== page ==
Where was I two years ago?
I was finally graduating university with my MA, having completed all my work for two BAs and an MA in 4.5 years. I was ending a five year relationship. I was tired and emotionally drained. And at the root of it all, I was the messy result of the Western world.
When I moved to Taipei, rather on whim, I didn’t quite know where I was going, but I knew that I did not want to continue what I had been doing.
I resolved to work mostly part-time. Although the amount of grading, prep, and commuting that goes into teaching abroad, puts me closer to full-time status. Yet, those extra hours of “work” were spent in the places of my choice and under my terms. In this sense, I had gained a freedom and taken back control over my lifestyle.
I, of course, started this blog to document what I was going through and to give inspiration to others. Passion is that long sought after answer and this site has helped me explore more through my options of potential passions than a lot of my other life experiences had.
Mostly, I switched to a slow-mode. I was always rushing when I had been living in the States and I hate rushing. I love being busying and having things to do, but I absolutely hate rushing. I hate jumping out of bed in the morning and I hate gulping any drink down. I can’t stand to run out the door and not have time to go back in if I forgot to put perfume or earrings on (two things that I feel very naked without).
So when my schedules shifted to be more evening and weekend focused, I found myself discovering what mornings felt like.
Now I will never be an early morning person. I like sleep way too much to part with it. But I started incorporating two significant elements into my daily routine.
- I started enforcing a better bedtime. Time-to-time I break it, but my body has adjusted to desiring an approximately midnight bedtime. This allows me to sleep naturally for about 9- 9.5 hours, 8 just never seems to be enough, and wake up in time for some form of a morning.
- I do not allow myself to jump out of bed in the morning. Never.
These two components of my day have drastically affected what happens in-between. I get less anxiety, I tend to be more productive, and more importantly, I get less stomach aches (a chronic problem that doctors can only seemingly attribute to stress, much in the same way as others get headaches or migraines).
A therapy and concept that I have begun to subscribe to (at the expense of sounding very much like my therapist mother) is mindfulness. In short terms, mindfulness is the practice of using meditation, deep breathing, and other cognitive measures to be present in the moment in order to reduce the difficulties that comes with stress. You can read more about mindfulness here. I encourage you to watch the short video on it.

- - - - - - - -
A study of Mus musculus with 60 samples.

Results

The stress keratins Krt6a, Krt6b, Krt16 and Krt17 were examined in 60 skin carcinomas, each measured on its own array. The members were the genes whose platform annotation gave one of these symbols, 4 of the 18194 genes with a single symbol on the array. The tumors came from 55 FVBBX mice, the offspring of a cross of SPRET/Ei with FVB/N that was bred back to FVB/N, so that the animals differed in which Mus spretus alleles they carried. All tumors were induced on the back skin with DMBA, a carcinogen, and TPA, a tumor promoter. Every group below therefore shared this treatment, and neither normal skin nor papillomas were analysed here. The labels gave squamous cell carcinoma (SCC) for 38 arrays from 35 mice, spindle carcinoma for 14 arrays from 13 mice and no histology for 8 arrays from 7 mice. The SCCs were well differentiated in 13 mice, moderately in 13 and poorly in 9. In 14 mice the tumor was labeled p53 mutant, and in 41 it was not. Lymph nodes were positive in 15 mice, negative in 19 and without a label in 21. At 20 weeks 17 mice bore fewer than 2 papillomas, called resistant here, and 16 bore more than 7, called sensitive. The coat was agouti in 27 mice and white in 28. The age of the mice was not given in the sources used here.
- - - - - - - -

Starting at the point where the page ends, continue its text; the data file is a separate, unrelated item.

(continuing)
I haven’t taken the online course just yet, but am hoping to soon.
In the meantime, I have tried to use my morning time, in which I won’t jump out of bed, to be time just for me. This might not be completely in the original concept of mindfulness, but my rationale is that being present in a way in which I am just doing the things I want to do gives me a better sense of calm and enjoyment in meeting the later challenges of the day.
Typically upon waking, I scroll through my notifications on my phone. Since I am asleep when most people in the States and Europe are awake, I get quite a bit. I normally don’t respond back right away, I simply read through and clear them.
After which, I scroll through Instagram and the latest articles on WordPress and Bloglovin. Lately, I’ve been enjoying Bloglovin more as I can follow bloggers in design, lifestyle, fashion, and more outside of my normal travel bloggers circle.
The light from my phone wakes me up a bit more and keeps groggy me from falling asleep again. As I am selective in the bloggers I read, I find myself inspired to get up for the day and have stories to tell or pictures to post.
Thirty to forty minutes is spent slowly inspiring and gearing myself up for the day (By the way, I avoid reading the news or attending to Facebook as I find both at once sad and annoying).
The next thirty to forty minutes is spent doing my hair and makeup as well as cooking breakfast and having a tea or juice, something I hardly had time for back in college.
Maybe my mornings aren’t spent working out or practicing yoga. I am not even sure if a devotee to mindfulness would find my new morning routine as being present. But for me, that hour spent taking my sweet time getting out of bed and ready for the day is all mine. It’s a chunk of my schedule that I have full control over; no one gets to dictate how that time is spent except me.
That’s a wonderful feeling and it helps me focus on my tasks later in the day. Being present in simply enjoying my own company has allowed me to be better present in the company of others. And ironically, the more time I take for myself, the more time I have to accomplish other things.